Maddie really wanted to go into the Haunted House. All the other kids were doing it, coming out screaming and shaking but laughing at the same time. But Maddie was younger, sensitive, and hesitant. Her grandpa, seeing her desire and sensing her desperation, called out from behind her, "Maddie, you can do it. Go ahead." Whenever Maddie heard her grandpa call her name, a warm feeling surged inside her. She turned and asked with her eyes if he would go with her through the haunted house. Grandpa understood his only granddaughter for whom he would do anything.
I am so happy to see you this morning. How are you? (children may respond)
Let's play a game I call “Lost and Found.” Okay? (children respond)
(presenter role plays) Uh, oh, I lost something for today's message. Hmm, I wonder where it could be. It's a box like this. (shows approximate dimensions) (instruct the children to look around the immediate area) (then presenter or child finds it)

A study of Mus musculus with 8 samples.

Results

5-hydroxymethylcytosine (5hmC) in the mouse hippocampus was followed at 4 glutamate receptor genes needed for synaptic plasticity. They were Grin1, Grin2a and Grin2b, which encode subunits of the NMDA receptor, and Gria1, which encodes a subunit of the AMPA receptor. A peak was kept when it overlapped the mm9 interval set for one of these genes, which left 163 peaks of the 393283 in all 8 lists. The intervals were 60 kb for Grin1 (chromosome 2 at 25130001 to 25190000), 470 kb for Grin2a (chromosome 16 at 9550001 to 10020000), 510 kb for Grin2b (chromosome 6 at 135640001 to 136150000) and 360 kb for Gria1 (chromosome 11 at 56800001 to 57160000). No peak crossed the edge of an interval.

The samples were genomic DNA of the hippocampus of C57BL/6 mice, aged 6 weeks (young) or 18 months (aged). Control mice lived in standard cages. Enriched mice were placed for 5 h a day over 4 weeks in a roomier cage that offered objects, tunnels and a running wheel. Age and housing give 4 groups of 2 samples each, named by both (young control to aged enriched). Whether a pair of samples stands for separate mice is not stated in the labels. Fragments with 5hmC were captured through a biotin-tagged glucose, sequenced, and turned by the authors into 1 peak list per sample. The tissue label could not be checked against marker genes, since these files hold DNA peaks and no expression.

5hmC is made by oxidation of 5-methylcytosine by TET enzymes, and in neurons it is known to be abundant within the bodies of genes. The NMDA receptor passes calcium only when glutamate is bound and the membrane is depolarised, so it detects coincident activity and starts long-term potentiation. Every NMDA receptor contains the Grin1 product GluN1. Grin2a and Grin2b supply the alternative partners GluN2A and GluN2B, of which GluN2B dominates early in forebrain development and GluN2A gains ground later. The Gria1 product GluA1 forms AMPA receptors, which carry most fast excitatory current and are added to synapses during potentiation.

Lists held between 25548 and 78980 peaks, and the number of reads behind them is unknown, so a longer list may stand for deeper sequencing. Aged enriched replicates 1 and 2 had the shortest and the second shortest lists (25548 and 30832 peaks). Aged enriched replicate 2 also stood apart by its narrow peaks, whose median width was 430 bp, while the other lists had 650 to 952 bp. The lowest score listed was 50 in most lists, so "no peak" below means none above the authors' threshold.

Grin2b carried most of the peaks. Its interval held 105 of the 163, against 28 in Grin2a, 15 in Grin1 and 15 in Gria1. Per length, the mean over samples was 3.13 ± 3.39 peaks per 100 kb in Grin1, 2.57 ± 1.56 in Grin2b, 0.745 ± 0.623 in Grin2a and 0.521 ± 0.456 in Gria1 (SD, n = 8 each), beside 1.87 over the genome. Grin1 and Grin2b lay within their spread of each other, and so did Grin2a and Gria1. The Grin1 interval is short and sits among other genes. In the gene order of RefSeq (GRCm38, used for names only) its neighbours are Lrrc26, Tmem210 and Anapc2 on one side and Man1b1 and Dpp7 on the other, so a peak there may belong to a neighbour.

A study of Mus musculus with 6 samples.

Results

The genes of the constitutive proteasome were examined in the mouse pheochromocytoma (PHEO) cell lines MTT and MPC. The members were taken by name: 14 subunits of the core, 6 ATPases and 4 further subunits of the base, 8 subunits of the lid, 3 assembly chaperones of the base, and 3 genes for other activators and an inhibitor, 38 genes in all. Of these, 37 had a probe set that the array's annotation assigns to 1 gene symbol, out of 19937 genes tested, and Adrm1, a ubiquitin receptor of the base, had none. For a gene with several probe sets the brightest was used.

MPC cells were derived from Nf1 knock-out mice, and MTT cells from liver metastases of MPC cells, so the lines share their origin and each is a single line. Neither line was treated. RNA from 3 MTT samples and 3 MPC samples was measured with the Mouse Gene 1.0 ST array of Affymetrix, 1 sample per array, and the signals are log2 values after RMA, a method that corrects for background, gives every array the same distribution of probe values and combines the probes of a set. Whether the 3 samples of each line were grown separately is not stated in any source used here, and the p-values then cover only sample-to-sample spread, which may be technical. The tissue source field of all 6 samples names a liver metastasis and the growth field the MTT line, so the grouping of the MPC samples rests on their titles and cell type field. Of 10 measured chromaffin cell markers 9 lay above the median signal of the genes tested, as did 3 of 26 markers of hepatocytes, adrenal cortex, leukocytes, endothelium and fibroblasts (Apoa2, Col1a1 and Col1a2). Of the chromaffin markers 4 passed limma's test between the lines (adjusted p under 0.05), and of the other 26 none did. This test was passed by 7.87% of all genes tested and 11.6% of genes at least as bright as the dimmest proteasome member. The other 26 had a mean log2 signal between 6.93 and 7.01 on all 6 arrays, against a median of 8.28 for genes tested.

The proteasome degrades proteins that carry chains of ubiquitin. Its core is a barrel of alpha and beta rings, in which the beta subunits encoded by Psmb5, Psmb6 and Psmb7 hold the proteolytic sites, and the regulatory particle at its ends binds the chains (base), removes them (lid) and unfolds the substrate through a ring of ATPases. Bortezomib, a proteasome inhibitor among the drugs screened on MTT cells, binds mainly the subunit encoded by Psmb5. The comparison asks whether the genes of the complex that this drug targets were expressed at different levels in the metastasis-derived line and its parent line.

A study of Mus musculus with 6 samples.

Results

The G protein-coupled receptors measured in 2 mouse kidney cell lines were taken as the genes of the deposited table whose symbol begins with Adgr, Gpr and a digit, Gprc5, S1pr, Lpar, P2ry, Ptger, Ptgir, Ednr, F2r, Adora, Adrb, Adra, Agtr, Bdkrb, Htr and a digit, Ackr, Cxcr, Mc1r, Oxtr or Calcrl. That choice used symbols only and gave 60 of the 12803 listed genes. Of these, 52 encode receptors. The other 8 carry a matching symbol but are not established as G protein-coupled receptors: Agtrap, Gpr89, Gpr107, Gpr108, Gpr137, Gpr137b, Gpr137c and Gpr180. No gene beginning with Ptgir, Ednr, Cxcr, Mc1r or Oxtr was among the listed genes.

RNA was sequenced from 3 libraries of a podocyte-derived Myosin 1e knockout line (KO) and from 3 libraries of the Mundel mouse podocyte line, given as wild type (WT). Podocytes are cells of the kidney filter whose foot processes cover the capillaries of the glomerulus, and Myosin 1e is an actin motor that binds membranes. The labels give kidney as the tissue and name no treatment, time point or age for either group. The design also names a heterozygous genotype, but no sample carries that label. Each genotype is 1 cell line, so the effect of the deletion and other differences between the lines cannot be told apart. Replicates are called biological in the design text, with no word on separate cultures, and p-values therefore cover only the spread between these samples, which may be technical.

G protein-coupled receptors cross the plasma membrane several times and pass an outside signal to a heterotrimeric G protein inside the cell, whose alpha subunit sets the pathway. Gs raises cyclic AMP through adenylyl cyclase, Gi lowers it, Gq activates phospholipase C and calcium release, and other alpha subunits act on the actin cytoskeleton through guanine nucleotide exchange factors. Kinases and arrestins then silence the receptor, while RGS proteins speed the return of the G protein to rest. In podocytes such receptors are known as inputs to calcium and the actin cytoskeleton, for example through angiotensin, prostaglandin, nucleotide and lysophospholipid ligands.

Since the Fourth Sunday in Lent has been historically identified as Laetare (Rejoicing Sunday), it is most appropriate that the lessons collectively testify to a theme for which we can rejoice — God saves us by his grace!
In this familiar and well-loved story of the Prodigal Son, I often wonder what happened to the mother of the family. She's totally ignored. So are any daughters. It seems like a completely male stronghold. So much so that I wonder whether perhaps the mother had died some years previously, and that was the cause of much of the unhappiness displayed by both the father and the sons. Or whether the father was such a domineering character that his wife played no real part in family life, but simply bowed her head in compliance with all his wishes, no matter how extreme they were.